When Frederick Taylor published his “Principles of Scientific Management” in 1911, he laid the foundation for the idea of people as an integral part of the production process. Since then, many humanistic views have emerged that recognise people as a unique force in the delivery of work, from Mayo’s experiments with light bulbs to McGregor’s Theory X and Y and Frederic Laloux’s “Reinventing Organisations.” However, the notion that people as a function of the practice of delivery still permeates the management literature.

One of the latest breakaway thinking models that promotes the separation of people from the practice of delivery is the Spotify model, with its focus on Chapters. The concept has great merit, as it recognises the need to foster a culture of innovation and collaboration by giving employees more autonomy and responsibility. However, the Spotify model often fails in practice as the core vision of separation gets clouded and watered down, especially when Chapter leadership begins to shift from a leadership role to a management function.

The Spotify model was developed in 2012 to address the company’s rapid growth and changing needs. It is based on a decentralised organisational structure that breaks down large teams into smaller groups called squads, tribes, and Chapters. Squads are small cross-functional teams that work on specific projects or features, while tribes are groups of squads that share a common goal or mission. Chapters, on the other hand, are communities of employees who share a particular skill or expertise, such as software engineering, data analysis, or design.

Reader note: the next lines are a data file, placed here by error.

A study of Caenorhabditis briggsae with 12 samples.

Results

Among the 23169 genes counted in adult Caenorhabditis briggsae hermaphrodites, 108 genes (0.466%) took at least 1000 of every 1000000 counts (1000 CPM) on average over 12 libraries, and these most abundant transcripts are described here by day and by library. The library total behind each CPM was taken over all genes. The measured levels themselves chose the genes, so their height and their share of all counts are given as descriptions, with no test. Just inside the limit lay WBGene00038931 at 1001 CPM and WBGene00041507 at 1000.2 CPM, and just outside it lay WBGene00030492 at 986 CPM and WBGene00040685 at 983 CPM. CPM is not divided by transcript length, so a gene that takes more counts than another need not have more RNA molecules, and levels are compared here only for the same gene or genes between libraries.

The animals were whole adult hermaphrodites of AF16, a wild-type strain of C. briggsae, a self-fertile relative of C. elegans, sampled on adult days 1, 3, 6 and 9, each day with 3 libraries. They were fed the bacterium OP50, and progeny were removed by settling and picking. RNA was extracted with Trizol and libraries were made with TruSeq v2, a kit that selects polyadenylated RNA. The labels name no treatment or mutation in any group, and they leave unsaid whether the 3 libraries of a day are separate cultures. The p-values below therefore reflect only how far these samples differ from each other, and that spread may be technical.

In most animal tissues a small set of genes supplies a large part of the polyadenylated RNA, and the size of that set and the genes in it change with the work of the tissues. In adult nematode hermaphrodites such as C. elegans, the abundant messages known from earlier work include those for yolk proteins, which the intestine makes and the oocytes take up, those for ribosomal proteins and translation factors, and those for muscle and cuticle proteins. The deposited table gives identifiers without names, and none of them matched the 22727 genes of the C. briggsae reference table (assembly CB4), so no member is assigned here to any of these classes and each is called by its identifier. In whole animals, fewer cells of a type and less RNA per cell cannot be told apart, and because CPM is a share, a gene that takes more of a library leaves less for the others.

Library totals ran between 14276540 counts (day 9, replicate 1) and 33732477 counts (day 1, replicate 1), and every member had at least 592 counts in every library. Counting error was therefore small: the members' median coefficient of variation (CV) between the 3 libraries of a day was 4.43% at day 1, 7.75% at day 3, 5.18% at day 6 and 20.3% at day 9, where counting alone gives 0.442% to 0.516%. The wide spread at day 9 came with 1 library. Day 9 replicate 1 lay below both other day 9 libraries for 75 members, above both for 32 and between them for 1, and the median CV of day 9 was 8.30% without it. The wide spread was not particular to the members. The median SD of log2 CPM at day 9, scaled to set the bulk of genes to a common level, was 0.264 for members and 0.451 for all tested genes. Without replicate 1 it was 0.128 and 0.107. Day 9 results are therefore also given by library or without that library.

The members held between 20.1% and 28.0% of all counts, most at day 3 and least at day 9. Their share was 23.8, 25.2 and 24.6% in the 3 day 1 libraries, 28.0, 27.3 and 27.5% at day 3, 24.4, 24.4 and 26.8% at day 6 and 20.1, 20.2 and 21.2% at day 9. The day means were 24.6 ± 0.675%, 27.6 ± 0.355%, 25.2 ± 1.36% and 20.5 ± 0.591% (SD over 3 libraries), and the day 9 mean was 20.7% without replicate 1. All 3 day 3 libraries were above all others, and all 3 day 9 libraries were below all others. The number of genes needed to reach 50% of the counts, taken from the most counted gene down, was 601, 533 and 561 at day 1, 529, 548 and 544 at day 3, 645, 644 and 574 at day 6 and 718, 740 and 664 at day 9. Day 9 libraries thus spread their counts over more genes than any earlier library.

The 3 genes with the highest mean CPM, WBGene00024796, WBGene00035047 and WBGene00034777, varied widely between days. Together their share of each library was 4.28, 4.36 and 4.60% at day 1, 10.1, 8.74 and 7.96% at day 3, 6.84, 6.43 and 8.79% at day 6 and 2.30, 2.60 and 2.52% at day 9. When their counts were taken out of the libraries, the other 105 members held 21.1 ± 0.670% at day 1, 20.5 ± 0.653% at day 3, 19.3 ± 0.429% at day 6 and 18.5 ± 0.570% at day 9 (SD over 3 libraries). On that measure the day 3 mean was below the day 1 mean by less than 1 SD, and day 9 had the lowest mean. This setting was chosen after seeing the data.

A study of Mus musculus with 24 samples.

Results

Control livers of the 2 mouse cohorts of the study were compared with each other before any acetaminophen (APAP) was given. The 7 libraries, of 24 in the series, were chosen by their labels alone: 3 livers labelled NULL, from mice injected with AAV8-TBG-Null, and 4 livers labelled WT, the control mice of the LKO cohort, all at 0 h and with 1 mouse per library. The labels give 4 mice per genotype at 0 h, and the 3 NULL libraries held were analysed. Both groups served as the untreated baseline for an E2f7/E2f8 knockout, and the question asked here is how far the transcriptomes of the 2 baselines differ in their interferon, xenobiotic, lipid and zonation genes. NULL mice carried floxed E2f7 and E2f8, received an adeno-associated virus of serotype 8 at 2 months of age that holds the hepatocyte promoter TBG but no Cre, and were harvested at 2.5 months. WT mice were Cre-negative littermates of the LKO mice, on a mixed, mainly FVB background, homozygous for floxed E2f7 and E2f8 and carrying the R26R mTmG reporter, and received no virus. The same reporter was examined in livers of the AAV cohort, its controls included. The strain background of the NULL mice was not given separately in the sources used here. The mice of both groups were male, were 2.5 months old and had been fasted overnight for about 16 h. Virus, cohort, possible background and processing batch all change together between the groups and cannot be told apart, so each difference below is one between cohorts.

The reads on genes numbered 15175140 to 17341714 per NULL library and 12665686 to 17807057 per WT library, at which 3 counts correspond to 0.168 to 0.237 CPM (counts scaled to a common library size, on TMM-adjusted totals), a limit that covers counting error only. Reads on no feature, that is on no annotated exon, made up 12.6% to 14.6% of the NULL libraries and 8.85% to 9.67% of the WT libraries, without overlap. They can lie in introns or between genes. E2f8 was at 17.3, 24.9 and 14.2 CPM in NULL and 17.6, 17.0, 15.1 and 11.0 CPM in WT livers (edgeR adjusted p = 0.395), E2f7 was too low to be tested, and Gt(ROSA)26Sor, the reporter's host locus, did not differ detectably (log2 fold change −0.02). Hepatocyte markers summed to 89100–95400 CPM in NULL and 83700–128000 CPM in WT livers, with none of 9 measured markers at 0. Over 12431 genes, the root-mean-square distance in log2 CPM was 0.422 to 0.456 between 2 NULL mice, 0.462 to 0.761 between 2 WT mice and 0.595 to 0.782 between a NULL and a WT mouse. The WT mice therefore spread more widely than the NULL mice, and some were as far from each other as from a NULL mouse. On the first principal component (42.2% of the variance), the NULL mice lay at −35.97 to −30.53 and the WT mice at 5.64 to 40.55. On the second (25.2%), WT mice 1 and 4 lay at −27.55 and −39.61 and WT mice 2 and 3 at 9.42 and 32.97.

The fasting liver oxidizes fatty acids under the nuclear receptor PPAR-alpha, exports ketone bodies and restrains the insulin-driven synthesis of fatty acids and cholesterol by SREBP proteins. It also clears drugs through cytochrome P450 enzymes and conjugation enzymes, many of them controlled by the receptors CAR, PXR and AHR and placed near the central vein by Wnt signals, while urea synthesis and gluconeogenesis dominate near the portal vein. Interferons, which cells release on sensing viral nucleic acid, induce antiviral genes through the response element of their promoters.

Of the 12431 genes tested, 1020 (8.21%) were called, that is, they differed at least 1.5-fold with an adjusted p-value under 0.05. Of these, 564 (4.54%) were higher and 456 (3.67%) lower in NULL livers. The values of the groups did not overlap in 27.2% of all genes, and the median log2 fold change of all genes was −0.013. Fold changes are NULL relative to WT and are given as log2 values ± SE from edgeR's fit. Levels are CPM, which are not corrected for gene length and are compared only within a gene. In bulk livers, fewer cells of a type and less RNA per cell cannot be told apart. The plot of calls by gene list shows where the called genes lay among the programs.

The idea behind Chapters is to create a network of peer groups that can support and develop their members’ skills and knowledge. Chapter leads are responsible for facilitating learning and growth opportunities, such as mentorship, training, and knowledge sharing. They are not managers in the traditional sense, as they do not have direct authority over their members’ work. Instead, they act as coaches, mentors, and facilitators who help their members develop their skills and achieve their goals.

While the Spotify model has been successful in fostering a culture of innovation and collaboration, it has also faced criticism for its potential to create silos and hinder communication and coordination across different teams and departments. One of the main challenges of the Spotify model is to maintain a balance between autonomy and alignment. Chapters need to have enough autonomy to develop their skills and expertise, but they also need to align their work with the company’s overall strategy and goals.

Another challenge of the Spotify model is to avoid the trap of turning Chapter leads into managers. When Chapter leads start to focus too much on performance management and control, they lose sight of their primary role as coaches and mentors. They become more concerned with metrics, targets, and deadlines than with their members’ growth and development. This can lead to a demotivating and demoralising work environment, where employees feel micromanaged and undervalued.

In conclusion, Chapters represents a significant departure from traditional management practices by emphasising the importance of people and collaboration in the delivery of work. However, it is essential to recognise the potential pitfalls of this model and to ensure that Chapter leads remain true to their coaching and mentoring roles. By striking a balance between autonomy and alignment and by staying focused on employee growth and development, organisations can leverage the power of the Spotify model to create a more innovative and productive workplace.